What is the statute of limitations for your legal rights in Maine?

Maine Statute of Limitation

Statute of Limitation Laws in Maine

Maine State SealIn order to convict you of an offense or sue you for monetary gain, your crime, tort or contractual agreement must fall within a certain time-line allowed by law. An Maine law on statute of limitations is simply that time which is allotted by the law as written by the state of Maine within which you can be convicted or held liable for a debt.

Below is the Maine statute of limitations listings for a number of different offenses and torts. While this list is updated regularly, often-times laws in every state get modified, repealed, amended or changed by legislation. Please consult with a qualified Maine attorney in this and any other legal matter.

We have found a service where you can ask your legal question for free and get responses only from qualified Maine lawyers in that particular field. The form below will help you get started by simply entering your ME zip code to find a Maine state criminal defense, or civil lawyer near you.

Any capital offense:No Limit
Rape:No Limit
Drug trafficking:6 Years
Forgery (felony):6 Years
Counterfeiting(felony):6 Years
Contracts:6 Years; or 20 Years with Attestment
Judgments Foreign | Domestic:20 Years
Injury to personal property:6 Years
Open accounts for debt collections:6 Years
Wrongful Death:2 Years from date of death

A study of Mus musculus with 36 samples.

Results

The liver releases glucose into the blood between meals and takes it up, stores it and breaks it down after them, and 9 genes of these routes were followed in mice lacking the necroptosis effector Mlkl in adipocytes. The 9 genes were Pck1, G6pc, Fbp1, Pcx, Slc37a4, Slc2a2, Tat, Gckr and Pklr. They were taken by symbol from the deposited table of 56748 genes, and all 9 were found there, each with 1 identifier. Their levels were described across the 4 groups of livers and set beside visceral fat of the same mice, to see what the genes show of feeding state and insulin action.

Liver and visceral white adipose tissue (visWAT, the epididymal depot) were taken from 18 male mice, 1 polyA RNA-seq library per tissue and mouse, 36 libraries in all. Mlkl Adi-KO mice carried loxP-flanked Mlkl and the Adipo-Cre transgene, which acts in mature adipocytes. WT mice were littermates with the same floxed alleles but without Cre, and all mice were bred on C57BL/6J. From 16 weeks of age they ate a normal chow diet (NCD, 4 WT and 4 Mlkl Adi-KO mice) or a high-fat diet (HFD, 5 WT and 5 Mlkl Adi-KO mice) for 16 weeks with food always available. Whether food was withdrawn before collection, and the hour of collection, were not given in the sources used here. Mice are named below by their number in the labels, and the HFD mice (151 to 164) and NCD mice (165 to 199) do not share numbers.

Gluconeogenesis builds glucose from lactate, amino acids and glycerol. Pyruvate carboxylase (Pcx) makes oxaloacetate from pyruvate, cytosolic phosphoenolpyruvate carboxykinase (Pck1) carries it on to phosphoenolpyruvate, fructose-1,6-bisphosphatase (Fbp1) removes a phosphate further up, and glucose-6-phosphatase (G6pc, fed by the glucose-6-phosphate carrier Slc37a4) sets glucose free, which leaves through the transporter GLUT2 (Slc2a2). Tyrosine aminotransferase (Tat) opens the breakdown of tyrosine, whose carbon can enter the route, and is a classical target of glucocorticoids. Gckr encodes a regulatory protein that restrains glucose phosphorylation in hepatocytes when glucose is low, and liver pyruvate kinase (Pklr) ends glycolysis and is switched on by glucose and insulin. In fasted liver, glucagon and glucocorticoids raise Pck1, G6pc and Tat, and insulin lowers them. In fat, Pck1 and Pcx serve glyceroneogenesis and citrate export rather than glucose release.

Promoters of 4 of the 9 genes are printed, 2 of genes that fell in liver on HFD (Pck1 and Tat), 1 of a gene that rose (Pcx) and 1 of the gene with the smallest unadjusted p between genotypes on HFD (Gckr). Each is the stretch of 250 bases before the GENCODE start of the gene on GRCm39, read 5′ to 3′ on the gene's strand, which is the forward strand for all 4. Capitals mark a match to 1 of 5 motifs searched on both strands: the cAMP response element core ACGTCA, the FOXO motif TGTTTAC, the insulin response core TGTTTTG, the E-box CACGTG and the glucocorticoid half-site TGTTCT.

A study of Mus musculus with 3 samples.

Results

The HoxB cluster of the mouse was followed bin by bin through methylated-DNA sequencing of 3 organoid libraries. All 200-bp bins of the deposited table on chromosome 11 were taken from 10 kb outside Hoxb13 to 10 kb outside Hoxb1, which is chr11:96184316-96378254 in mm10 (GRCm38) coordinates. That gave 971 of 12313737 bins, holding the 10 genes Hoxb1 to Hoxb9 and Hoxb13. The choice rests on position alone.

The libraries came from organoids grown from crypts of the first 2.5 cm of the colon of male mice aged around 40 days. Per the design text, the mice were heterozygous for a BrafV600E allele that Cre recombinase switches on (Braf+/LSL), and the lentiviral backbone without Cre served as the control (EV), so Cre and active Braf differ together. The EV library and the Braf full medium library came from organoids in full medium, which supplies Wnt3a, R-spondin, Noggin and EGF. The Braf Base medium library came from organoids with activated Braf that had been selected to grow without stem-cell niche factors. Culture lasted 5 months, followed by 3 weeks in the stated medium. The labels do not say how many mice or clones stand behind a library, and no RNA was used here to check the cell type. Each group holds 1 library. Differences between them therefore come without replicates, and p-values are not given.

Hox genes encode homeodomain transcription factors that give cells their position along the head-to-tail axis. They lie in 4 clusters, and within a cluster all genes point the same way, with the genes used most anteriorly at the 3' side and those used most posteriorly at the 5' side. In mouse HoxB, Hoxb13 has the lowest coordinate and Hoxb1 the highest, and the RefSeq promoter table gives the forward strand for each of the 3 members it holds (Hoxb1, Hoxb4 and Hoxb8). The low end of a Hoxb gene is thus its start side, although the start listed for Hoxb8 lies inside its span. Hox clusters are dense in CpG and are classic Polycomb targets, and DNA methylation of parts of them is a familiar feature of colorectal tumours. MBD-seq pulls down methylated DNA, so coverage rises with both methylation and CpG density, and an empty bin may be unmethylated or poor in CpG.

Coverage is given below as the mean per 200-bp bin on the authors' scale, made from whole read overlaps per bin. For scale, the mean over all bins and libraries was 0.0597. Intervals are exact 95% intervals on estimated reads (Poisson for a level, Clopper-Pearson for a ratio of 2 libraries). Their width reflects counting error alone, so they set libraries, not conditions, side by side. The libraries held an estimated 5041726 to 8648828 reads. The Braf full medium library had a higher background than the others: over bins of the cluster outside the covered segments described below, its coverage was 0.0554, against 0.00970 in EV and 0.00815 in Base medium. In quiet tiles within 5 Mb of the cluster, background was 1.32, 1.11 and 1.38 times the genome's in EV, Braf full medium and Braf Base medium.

Oral Agreements:6 Years
Medical Malpractice Actions:The statute of limitations for medical malpractice suits in Maine is three (3) years. If the case is based on a foreign object left in the body of the patient, discovered by a health care professional, the statute of limitations will begin as soon as the object is found or reasonably should have been found. In the case of a minor, the statute allows 3 years from the time they turn 18; or, 6 years from the time of the negligence, whichever comes first. If the negligence results in a wrongful death, the family has 2 years from the date of death to file suit.
Code Section Title 24 § 2902
Fraud:6 years from when the fraud was or reasonably should have been discovered.
Intentional Torts:2 Years
Libel | Slander | Defamation:2 Years
Personal Injury Actions:2 years from the date of injury
Rules for Minors:Limitation period begins to run on the minors 18th birthday, except in cases of medical malpractice or wrongful death
Products Liability Actions:Within 6 years of the date of discovery
Complete Maine criminal revised statute of limitations can be found on the Maine Criminal Statute of Limitations page.
Disclaimer: Statute of Limitation laws in every state get modified, repealed, amended, and/or changed by the legislature of that states jurisdiction. The authors and webmaster of StatuteofLimitation.info have made every effort to post the most current laws. Please use this site as a general reference and for comparison purposes. Do not substitute any information from this site for advice you would get from a qualified legal professional

Maine Fair Debt Collection Practices Act

In order for an Maine debt collector or debt buyer to sue you to collect a debt they have to do that within the time limits that the state of Maine law requires. This is what is known as the statute of limitations. If they sue you outside of that statute of limitations then that may violate the Fair Debt Collection Practices Act. Even threatening to sue you beyond the statute of limitations can also be considered a Fair Debt Collection Practices Act (FDCPA) violation.

If you are dealing with an unscrupulous Maine debt collector that is threatening you with a lawsuit, whether verbal or written, for an old debt, then you need to look at the Maine statute of limitations if that debt collector has a potential case against you or has potentially violated the FDCP Act.